Through My Claystone Eyes
September 24 2022, by Eleanor Díaz Ritson
Globally, we live in an age that worships the new. The old is disregarded as we witness monumental global change and participate in deep–time alterations. Contemporary culture offers us activism by tweet; metaverse fever dreams; ideological warfare; humanoid immortality; and off-planet utopian fantasies. We’re seduced into feeding narcissistic distractions that demand constant input while populations are displaced by conflict and climate. In this age—founded by materialism, industrialisation and the spoils of empire—we view ourselves as intrinsically separate to nature: flora, fauna, organic and inorganic matter on this planet. Not only are we conditioned to take for granted a fictitious understanding that humanity is the singular possessor of agency, our sense of time has become dislocated and short-sighted.
“With all of our self-consciousness, we have very little sense of where we live, where we are right here right now. If we did, we wouldn’t muck it up the way we do...
If we did—if we really lived here, now, in this present—we might have some sense of our future as a people. We might know where the centre of the world is.”
Ursula le Guin 1
A culturally Euro-Western mindset designates a central role for humanity as supreme surveyors of the globe; in command of the environment via rational thought and knowledge. From an early age we are taught that our human bodies contain united material components: soft tissues, blood, and bone. To perceive the elements of our bodies as lively in and of themselves—rather than as physical manifestations of evolved biology—requires a demanding realisation: we are made of interconnected material. By releasing ourselves from the role of superior-species rulership, each molecule that forms us serves instead as a member of deep–time; part of an active ecosystem.
“along with trilobites and Ediacaran organisms…
we give up mastery and gain mutuality.”
Don McKay 2
My mixed heritage and upbringing, initially in Mexico then predominantly in Aotearoa, generally grants me access to operate in a culturally Western world. Due to the devastation of Mesoamerican knowledge and meaning systems—as a result of Spanish colonisation in the early 16th century—I was raised unaware of many specific indigenous practices. Nevertheless, my Mixtec ancestors remain in my being like shadows in the subsoil. Despite my interwoven Mexican-Pākehā worldview, the dominating influence of contemporary Pākehā norms—reinforced by other powerful Western cultures—has significantly sculpted my experiences and perceptions. I’m often left feeling confined, ineffectual and easily distracted from other ways of being.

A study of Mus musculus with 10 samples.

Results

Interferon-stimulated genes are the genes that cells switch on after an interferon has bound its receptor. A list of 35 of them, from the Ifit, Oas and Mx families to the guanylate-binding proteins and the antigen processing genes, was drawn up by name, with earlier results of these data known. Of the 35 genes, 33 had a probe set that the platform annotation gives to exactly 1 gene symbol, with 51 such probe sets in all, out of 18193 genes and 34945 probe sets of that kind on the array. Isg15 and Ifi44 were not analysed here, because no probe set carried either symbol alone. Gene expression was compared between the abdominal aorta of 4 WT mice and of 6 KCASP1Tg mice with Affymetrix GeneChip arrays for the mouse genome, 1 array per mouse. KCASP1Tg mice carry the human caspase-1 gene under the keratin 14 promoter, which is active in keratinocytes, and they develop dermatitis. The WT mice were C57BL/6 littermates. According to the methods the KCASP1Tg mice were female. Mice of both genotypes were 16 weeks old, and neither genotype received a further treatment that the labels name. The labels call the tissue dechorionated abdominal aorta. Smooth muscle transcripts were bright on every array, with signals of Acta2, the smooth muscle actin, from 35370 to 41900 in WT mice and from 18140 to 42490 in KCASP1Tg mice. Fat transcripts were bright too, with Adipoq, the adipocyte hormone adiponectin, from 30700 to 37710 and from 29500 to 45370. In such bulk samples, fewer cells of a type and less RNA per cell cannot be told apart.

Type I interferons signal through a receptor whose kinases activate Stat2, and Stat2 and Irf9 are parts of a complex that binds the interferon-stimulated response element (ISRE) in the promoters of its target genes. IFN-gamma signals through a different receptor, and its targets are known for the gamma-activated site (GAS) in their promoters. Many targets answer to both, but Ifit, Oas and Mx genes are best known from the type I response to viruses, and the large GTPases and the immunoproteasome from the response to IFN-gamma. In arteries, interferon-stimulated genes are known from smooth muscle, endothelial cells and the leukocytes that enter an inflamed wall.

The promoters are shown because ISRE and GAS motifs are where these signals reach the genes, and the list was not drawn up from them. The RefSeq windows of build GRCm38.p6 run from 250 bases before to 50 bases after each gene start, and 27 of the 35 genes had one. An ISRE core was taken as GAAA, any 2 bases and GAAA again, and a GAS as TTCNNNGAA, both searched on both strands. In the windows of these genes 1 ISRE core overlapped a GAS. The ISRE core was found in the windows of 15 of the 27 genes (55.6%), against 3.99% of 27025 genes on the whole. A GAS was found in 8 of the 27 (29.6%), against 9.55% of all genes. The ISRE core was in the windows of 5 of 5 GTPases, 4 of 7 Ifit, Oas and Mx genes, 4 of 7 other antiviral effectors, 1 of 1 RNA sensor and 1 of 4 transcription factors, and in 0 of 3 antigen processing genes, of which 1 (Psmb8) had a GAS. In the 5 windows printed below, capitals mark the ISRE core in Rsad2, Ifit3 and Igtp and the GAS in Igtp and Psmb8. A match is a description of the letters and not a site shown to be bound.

Through Claystone Eyes offers a platform devoid of relentless interference; a place where the seemingly inert is awakened. I paint to engage my own claystone eyes; perception is disrupted; there’s time for introspection and space to shift and grow. There is connectedness and conflict, tension and solace, vulnerability and strength. Through my claystone eyes, I experience both body and place as lively; unmoving yet turbulent, the gaps between aeons and instants expand and retract. Body-form becomes earth-form, landscapes of bone, rock and earth fluidly span time to the inner reaches of our bodies and minds. As living bone becomes limestone, gradually shifting mountain ridges are beings: still, frenzied, longing for connection. Creases are caves and skin is weathered shale or bark. These beings urge that we see and face our mortality: our material bodies and our awe-inspiring-but-finite ecosystems.
Perhaps with vision refreshed we can permit ourselves a moment of reverie: the quotidian is suspended; time changes; we can consider a way forward in this world. Through Claystone Eyes doesn’t proclaim answers, rather it seeks to reimagine what is here already. How can we draw ourselves away from those pernicious and saccharin distractions to experience the fullness of our senses? Our ancient selves? Our deep connectedness? I’m frightened by the fantastical delusion that humans are beyond or above nature. We are nature. We are meaning-makers; cast by our ancestors and moulded by our present.
“we, pitiful latecomers in the last microsecond of our planetary year, are stewards of nothing in the long run.”
Stephen Jay Gould 3
THROUGH CLAYSTONE EYES
artist book by Eleanor Díaz Ritson
with Trantham Gordon, Rafael Díaz Ritson and Placido Díaz Rodríguez
Ursula K. Le Guin, ‘A Non-Euclidian View of California as a Cold Place to Be’, in Dancing at the Edge of the World: Thoughts on Words, Women, Places, (New York: Grove Press, 1989), 84-85.
Don McKay, ‘4. Ediacaran and Anthropocene: Poetry as a Reader of Deep Time’, in Signals From the Edge of an Arriving Epoch. Making the Geologic Now: Responses to Material Conditions of Contemporary Life, ed. Elizabeth Ellsworth and Jamie Kruse, (Brooklyn NY: Punctum Books, 2012), 46.
Stephen Jay Gould, Bully for Brontosaurus: Reflections in Natural History, (New York: W. W. Norton & Company, 1991), 18.